Uganda fifth-year medical student dead 14 days after AstraZeneca vaccine


Ms. Rosette Kyarikunda received her first AstraZeneca viral vector DNA injection on August 17, according to the Daily Monitor. She immediately felt intense headaches, general malaise and weakness. She took pain killers later that night to attempt mitigate the headaches. But no relief came.

Ms. Kyarikunda posted a message on WhatsApp on or around August 20. She knew something was seriously wrong and that she was unlikely to survive.

“This Corona vaccine wants to take my life surely. I have never experienced this kind of headache and chest pain for the years I have spent on earth planet. May God have mercy.”

She posted a similar message on Facebook, which has since been deleted.

“This headache and chest pain that I am having after the COVID-19 shot I have never felt such kind of pain in my life.”

Her condition rapidly deteriorated. She was admitted to Mbale regional hospital on August 25. Doctors transferred her to Kiruddu General Hospital in Kampala that same day. A CT scan revealed “multi-organ failure” and cerebral edema. The latter is brain swelling caused by fluid build-up. The condition increases pressure inside the skull.

Mr. Boniface Osodi, President of Federation of Uganda Medical Students’ Association, said Ms. Kyarikunda fell into a coma on August 26. She was placed on dialysis and administered serum albumin, the most abundant blood protein in all mammals. Low serum albumin means important nutrients and minerals are not being adequately dispersed throughout the body.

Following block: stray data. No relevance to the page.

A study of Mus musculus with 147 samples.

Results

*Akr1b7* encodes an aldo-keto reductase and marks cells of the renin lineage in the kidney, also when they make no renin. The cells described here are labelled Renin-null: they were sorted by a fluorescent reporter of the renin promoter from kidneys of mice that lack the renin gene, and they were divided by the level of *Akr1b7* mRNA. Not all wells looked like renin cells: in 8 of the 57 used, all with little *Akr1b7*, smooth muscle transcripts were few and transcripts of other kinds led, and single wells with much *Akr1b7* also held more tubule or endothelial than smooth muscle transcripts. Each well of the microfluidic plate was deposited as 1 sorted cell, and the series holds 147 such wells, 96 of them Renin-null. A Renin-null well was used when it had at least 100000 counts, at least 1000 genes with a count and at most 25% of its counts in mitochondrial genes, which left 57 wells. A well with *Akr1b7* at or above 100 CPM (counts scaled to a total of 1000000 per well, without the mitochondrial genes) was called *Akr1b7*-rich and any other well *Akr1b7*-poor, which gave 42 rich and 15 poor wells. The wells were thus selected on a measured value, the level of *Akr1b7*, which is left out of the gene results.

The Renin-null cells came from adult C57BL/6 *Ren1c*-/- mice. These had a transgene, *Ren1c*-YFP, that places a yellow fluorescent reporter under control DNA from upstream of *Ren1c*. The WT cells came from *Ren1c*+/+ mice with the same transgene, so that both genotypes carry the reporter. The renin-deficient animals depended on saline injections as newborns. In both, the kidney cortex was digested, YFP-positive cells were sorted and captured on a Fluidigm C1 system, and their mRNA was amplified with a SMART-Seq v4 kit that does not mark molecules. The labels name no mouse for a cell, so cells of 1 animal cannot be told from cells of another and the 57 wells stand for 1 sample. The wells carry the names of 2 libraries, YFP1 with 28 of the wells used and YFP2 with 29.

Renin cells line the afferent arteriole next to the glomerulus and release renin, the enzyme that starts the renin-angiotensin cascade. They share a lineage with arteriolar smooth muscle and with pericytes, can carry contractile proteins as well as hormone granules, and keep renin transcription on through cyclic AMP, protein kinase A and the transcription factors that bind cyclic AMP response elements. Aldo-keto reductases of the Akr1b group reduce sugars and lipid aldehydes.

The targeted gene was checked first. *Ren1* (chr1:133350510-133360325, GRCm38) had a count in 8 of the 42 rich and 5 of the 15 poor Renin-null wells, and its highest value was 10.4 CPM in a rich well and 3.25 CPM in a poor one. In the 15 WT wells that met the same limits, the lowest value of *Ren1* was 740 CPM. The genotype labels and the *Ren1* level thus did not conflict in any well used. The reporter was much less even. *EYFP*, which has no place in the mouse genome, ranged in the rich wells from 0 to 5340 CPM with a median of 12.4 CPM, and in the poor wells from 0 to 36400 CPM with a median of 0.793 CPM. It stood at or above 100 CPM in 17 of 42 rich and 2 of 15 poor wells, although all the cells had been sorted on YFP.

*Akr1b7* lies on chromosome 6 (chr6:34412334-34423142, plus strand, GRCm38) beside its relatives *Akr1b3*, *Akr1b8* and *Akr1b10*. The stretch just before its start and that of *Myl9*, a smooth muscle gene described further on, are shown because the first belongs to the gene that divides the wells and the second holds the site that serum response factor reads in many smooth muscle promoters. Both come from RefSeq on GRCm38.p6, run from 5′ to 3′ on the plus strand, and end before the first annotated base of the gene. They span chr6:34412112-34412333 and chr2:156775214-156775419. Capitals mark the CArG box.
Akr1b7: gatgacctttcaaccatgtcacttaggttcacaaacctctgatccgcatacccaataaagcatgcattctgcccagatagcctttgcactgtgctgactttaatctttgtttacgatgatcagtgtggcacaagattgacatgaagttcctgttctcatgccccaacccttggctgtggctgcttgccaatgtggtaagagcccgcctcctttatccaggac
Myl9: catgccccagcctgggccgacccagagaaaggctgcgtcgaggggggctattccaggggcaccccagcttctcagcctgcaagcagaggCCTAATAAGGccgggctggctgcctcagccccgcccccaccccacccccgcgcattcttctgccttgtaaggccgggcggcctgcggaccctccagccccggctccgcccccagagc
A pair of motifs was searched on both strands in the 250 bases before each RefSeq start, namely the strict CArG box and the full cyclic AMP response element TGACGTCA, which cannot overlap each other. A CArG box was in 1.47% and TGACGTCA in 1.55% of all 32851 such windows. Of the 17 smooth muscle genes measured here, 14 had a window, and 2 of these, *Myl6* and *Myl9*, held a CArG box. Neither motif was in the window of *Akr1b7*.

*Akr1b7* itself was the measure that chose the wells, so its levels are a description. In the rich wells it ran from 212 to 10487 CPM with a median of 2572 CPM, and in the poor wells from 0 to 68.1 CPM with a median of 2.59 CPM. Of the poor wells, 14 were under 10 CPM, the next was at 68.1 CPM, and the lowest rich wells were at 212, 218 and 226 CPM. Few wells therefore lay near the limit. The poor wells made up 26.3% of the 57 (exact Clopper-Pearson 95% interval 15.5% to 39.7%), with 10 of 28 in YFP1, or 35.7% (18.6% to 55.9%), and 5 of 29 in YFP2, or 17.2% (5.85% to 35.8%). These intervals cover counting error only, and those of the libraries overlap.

The medical interventions, however, were no match for the experimental viral vector DNA. Ms. Kyarikunda passed away on August 31.

This is one of the most ridiculous defenses of the lethal injections this blog has covered. Dr. Ruth Grace Babirye Kakoba suggested to the Africa Press that Ms. Kyarikunda died of malaria and COVID-19. But Mr. Osodi confirmed that Ms. Kyarikunda tested negative for malaria at Mbale hospital. He also made clear that malaria cannot cause multiple organ failure, particularly in a matter of two weeks in a healthy young woman.

Ms. Kyarikunda’s family is now faced with over UGX 6 million ($1,710) in hospital bills. The average doctor makes about UGX 6.2 million per month in Uganda. The average salary across the country for all occupations is about UGX 2.6 million. Needless to say, they will have an extremely difficult time paying this off. Abiaz Rwamwiri, a spokesperson for the Uganda National Drug Authority (NDA), said that Ugandans should “continue with the vaccination exercise.”

Ms. Kyarikunda worked for Reproductive Health Uganda when she as not in school. She was also an event planner with her own small business. Ms. Kyarikunda would have earned her Bachelor of Medicine and Bachelor of Surgery (MBChB), which is a medical degree in Uganda, the U.K., New Zealand, and many other countries. She is survived by her two-year-old daughter.